Discussion in 'Shop Talk - BladeSmith Questions and Answers' started by Mark Williams, Oct 2, 2004.

  1. Mark Williams

    Mark Williams Moderator

    Nov 28, 2000
    Any good home recipes or off-the-shelf stuff out there? I guess whatever would be used on a wood cutting board is what I'm after.
  2. they sell some stuff called "salad bowl finish" i believe.... not sure of the name but i used some on a knife before and it was really nice. you guessed it . its the stuff the finish salad bwols with. water tight and safe to eat off of
  3. Wild Rose

    Wild Rose

    Aug 23, 2002
    Tried and True finishes - 3 different finishes all excellent

    Food grade Flax Seed Oil (available at just about any health food store) - it's nothing more or less than food grade linseed oil - which is one of the best finishes since linseed oil has natural antibacterial properties (DO NOT use Boiled Linseed Oil since it is NOT food grade)
  4. Mark Williams

    Mark Williams Moderator

    Nov 28, 2000
    Thanks Guys
  5. TJ Smith

    TJ Smith

    Sep 17, 1999
    That salad bowl finish works pretty well. I fill a tall narrow jar with it and then dip my handles in it as it's hard to brush it on without marks.
    Take care
  6. John Andrews

    John Andrews

    Jan 24, 2003
    Mark, back in school we made a bunch of maple cutting boards and used olive oil. It worked really well.
  7. indian george

    indian george

    Feb 15, 1999
    Hey Bubba!!!! I use Preserve. You can get it from Woodcraft. The company that makes it is Master Blend, PO Box 363, Manluis, NY 13104-0363.
    It is made especially for application that you mentioned.
  8. Mike Hull

    Mike Hull

    Nov 25, 2000
    I have seen professional wood refinishers use melted parrafin wax. They simply brush it on, then when it is set up, remove the excess with burlap rags, and buff with a softer one.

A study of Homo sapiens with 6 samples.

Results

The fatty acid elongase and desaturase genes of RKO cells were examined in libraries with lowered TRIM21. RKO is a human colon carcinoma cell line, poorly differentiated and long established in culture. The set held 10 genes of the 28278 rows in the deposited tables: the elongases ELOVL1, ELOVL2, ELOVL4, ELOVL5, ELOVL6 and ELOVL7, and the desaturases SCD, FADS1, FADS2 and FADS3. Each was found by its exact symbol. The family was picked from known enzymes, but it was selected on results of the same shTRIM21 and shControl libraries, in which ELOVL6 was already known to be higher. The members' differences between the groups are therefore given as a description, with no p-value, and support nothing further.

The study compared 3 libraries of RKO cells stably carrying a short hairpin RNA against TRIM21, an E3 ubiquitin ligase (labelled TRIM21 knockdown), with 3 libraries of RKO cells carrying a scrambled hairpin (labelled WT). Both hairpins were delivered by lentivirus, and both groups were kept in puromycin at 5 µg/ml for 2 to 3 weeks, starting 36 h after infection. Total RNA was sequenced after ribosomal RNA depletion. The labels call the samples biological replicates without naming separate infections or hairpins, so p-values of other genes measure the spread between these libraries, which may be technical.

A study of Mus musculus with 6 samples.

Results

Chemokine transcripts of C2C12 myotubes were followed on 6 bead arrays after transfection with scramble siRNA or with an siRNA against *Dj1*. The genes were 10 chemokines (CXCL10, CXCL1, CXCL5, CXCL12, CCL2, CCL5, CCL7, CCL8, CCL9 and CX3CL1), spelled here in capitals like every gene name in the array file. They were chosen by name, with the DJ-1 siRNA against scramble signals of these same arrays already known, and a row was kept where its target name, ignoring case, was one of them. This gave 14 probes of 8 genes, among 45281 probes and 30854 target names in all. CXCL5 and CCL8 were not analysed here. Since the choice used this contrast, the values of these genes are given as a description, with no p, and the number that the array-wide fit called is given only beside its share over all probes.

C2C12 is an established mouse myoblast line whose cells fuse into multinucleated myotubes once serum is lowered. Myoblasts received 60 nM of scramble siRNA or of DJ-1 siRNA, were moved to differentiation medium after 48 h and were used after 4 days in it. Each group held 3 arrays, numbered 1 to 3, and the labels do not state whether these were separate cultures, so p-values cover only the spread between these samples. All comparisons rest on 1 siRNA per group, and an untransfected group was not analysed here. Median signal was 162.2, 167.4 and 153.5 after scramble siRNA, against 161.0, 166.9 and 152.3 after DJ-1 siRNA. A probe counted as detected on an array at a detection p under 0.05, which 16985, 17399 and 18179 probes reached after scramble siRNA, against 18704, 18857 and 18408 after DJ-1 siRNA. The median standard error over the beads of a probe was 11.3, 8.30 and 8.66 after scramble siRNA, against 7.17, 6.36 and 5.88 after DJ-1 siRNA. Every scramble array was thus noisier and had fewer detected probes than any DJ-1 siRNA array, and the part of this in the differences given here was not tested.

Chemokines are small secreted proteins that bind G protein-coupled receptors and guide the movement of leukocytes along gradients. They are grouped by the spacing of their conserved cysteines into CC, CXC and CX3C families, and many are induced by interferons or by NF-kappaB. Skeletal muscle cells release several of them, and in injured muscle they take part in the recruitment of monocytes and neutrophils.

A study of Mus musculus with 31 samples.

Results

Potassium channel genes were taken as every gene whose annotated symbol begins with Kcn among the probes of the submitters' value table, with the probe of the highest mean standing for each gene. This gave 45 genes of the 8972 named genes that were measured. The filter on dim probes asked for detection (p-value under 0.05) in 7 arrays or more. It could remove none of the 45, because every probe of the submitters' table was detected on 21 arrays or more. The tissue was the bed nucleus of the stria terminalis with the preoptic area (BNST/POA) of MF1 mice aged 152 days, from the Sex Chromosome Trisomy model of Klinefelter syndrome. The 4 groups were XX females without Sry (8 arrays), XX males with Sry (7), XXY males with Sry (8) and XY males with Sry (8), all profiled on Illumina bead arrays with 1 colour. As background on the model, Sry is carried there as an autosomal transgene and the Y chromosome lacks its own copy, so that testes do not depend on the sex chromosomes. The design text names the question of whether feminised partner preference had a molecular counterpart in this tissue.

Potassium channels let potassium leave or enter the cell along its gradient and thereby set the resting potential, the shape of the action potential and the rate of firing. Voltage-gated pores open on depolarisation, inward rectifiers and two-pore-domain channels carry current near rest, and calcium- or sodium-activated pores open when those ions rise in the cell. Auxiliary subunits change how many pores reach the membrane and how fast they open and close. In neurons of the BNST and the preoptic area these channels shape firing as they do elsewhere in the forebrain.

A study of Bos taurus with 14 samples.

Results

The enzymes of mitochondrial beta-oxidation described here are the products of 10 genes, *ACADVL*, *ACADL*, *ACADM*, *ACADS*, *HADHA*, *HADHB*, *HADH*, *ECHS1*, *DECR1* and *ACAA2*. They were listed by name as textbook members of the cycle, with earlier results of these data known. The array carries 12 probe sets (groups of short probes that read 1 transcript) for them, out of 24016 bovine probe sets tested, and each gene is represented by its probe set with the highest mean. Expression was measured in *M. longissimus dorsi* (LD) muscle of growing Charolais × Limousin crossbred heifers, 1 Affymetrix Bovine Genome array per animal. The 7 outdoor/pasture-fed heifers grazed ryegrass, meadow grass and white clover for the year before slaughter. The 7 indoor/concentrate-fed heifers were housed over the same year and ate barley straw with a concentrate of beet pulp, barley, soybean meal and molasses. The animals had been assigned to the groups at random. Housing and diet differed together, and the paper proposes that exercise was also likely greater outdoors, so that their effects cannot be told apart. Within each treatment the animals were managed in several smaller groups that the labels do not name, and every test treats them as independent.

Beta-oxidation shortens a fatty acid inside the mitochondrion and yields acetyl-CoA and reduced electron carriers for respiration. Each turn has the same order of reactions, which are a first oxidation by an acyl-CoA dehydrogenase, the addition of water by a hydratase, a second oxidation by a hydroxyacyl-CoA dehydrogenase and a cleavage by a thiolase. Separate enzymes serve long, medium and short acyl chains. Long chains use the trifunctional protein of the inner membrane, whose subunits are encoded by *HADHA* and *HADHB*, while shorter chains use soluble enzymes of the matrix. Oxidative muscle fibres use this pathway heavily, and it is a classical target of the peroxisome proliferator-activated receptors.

9. Mark Williams

    Mark Williams Moderator

    Nov 28, 2000
    That's the great about this place. Everyone has so many helpful ideas.However, kinda makes its hard to figure which route to take sometimes :)

    The surface I want to put it on is a pretty dry and pourous redwood burl. Does that help narrow it down? I like the idea of just parrafin wax but I wonder if it wouldnt be better to put down a layer of the Flax first for the antibacterial properties I guess I can play around with some differant ones and see what happens.
  10. Protactical


    Aug 24, 2003
    When one says "food safe" It begs the question whether you mean safe for you to put in your mouth, or would a lawyer feel it was safe for you to put it in someone else's mouth.

    Basicaly there are 6 materials that spring to mind.

    -Non-drying oils, these include stuff like Mineral oil, which is my favorite, since it doesn't have an odor, and doesn't go rancid. These usualy look bad on softwoods, and they can transfer to clothes etc...

    -Drying oils, stuff like tung oil, or Watco. The problem here is that many of these contain driers, that are toxic to give them a boost. Pure polymerizing tung oil which is tung that has been heat treated, but contains no additives is my favorite here. Watco is also supposed to be fine (check recent literature) if it has been allowed to dry long enough, like aobut a month and a half. These product finish better, but are stills marginal over softwood.

    -Wax, by itself, or over the above oils. Beeswax is the most amazing material, but it needs ot be buffed out to a 1 micro layer so to speak. Harder waxes like carnuba give a tougher finish, but are real hard to apply, unless thinned. I think Carnuba is what they put on Smarties or apples.

    -Varnishes. Both chemical and natural. Drying oils taken to the next level. They tend to sit on top of the wood and they tend to be a little thick. One has to choose foodsafe versions, but that is what something like salad bowl finish is.

    -Shellac, nature's miracle finish. unbelieveable. The best. Really hard to use.

    -Catalyzed super chemicals. Epoxy and superglue. Both can be foodsafe. Epoxy needs to be incredibly accurately mixed however. They use superglue in surgery, and it builds and seals nicely over wood.

    Overall, most popular wood finishes are foodsafe if they haven't been poluted with toxic thinners driers, etc...
  11. AwP


    Apr 13, 2004
    That was a very informative overview of finishes, thanks.